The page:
Monday, March 19, 2007

Yeah, yeah, I know

Alright, I know: perhaps I announced my return prematurely. I had every intention of writing more often, believe me. Let me see, there must be something I can blame. My job? Hmm, maybe - I sort-of decided a few months back that I wouldn't use valuable time at work to write on the old blog. For one, I was unsure about the job status, and I didn't want to give my employer any reason to believe I was goofing off at work. (For those keeping score, the news is decidedly good on the job front. Hell, the HR woman today was telling me about the pension plan I can opt into. I never thought I'd be in a job where a pension was offered. It seems so ... I don't know, 1950s.) I no longer feel comfortable posting while at work. And the new computer set-up at home - in my bedroom, largely because of a major apartment reorg that also revealed a faulty phone jack - is not working out. I just can't seem to summon the requisite energy to hang out in my bedroom to work away on the computer.

Still, here I am tonight. Feeling a mite emotional (for reasons I don't wish to divulge at this point), but prepared to post at least something. So what do I decide to write about in my return?

Condoms. Or, in my vernacular, safes.

I was throwing away a (thankfully empty) box of condoms today (part of a larger cleaning effort) when I noticed the "instructions." I know one is not supposed to use things without first checking out the instructions, but I figure safes are pretty self explanatory. Still, I love the double-sided "how to" sheet! After all, how often does one get to see a drawing of an erect penis? But there it is, in the first of five panels. (It's accompanying instruction is: "Put the condom on after the penis is erect, before there is any contact between the penis and your partner's body." Check.)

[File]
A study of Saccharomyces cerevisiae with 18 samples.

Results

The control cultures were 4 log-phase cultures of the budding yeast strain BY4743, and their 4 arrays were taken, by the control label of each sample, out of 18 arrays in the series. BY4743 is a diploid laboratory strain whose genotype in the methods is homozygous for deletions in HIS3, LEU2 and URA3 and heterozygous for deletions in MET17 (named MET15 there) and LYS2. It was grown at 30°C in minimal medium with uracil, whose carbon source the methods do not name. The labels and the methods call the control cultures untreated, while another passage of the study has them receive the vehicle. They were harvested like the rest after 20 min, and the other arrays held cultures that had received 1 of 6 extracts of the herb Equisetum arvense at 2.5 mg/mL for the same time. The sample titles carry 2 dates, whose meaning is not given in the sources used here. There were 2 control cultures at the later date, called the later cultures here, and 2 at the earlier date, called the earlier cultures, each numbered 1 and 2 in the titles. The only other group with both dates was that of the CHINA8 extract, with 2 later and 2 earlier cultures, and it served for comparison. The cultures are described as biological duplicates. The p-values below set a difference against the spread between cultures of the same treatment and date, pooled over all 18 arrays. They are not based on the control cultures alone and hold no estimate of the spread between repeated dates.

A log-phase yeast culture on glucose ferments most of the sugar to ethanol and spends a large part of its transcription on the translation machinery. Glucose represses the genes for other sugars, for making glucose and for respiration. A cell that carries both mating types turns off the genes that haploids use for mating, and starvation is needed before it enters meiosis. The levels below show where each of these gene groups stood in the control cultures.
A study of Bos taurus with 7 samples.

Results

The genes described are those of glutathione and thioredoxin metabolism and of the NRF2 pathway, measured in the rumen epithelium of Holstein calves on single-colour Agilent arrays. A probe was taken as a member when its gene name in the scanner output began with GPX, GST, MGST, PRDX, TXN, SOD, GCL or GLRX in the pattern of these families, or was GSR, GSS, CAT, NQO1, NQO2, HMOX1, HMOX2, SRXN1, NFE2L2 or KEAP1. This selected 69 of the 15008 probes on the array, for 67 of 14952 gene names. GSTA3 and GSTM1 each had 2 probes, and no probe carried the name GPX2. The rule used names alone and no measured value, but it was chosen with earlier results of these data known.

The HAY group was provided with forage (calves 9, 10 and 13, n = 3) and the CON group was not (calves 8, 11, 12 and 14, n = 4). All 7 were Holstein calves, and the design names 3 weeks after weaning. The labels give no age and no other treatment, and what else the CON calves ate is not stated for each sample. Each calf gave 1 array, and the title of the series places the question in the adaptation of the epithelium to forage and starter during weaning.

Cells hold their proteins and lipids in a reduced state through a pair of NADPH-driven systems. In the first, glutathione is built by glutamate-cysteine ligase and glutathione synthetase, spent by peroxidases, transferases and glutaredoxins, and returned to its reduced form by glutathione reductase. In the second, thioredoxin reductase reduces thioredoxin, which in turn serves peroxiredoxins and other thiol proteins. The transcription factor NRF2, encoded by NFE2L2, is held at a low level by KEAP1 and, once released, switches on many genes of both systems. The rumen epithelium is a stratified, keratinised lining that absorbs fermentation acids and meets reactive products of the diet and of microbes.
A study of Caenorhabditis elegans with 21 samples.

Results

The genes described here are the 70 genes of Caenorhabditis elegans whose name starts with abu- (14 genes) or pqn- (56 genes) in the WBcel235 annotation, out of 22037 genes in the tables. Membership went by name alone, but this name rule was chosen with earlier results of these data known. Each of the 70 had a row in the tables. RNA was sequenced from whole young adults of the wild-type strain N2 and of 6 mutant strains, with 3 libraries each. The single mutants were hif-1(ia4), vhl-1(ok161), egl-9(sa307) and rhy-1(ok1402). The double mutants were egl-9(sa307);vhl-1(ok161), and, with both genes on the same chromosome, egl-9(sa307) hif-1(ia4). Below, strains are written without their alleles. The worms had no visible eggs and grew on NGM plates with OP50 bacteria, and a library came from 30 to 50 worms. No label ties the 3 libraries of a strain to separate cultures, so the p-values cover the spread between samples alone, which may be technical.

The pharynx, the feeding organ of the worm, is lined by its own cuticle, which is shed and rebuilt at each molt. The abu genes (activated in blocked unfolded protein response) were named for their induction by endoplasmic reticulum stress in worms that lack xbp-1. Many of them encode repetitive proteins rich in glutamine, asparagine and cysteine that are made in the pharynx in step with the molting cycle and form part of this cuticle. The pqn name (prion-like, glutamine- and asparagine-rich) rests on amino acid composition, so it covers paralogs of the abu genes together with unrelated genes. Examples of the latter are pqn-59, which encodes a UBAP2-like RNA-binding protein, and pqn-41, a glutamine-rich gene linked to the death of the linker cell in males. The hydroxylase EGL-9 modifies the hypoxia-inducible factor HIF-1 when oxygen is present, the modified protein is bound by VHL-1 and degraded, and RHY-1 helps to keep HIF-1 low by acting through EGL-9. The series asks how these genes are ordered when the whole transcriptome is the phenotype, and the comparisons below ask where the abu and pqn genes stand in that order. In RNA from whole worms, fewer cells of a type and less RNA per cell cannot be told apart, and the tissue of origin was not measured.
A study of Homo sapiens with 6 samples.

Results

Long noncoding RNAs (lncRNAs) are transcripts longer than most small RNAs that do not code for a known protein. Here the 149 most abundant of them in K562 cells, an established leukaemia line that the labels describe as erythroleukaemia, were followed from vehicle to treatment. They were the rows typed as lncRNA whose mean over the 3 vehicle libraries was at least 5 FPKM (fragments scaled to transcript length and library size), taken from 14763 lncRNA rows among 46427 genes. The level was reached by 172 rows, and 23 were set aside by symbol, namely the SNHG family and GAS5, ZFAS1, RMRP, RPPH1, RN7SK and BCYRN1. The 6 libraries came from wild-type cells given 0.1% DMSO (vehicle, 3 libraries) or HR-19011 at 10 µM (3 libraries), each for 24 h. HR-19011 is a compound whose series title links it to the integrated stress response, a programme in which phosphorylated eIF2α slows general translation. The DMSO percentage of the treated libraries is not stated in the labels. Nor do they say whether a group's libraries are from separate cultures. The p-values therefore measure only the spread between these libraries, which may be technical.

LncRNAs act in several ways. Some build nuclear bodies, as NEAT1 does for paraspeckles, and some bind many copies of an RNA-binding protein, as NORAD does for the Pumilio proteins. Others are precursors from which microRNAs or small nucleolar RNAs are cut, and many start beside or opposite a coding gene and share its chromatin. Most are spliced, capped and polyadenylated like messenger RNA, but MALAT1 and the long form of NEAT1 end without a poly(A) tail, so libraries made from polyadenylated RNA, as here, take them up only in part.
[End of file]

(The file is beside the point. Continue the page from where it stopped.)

But what I found even more interesting was the section entitled Pregnancy Rates for Birth Control Methods. It comes with an accompanying table, sort-of like PowerPoint, which (I will again quote) "provides estimates of the percent of women likely to become pregnant while using a particular contraceptive method for one year." (It adds the estimates are "based on on a variety of studies." As someone that works in an academic environment, I'd like to see some footnotes.) I was actually rather surprised at the results. Statistically, there's not much difference between using a safe and ye ol' withdrawal method. For "typical use" (ie., was not used correctly or not used with every act), the rate with a safe is 14%, with withdrawal at 19%. In terms of "lowest expected" (method was always used correctly but failed anyway) it's even closer: 3% (safes) vs 4% (withdrawal). I don't know, this strikes me as odd. But a friend of mine tells me that he and his partner always use withdrawal, so maybe I shouldn't be that surprised (since she's never been pregnant).

So there you go, my first post of the month, and I'm writing about birth control.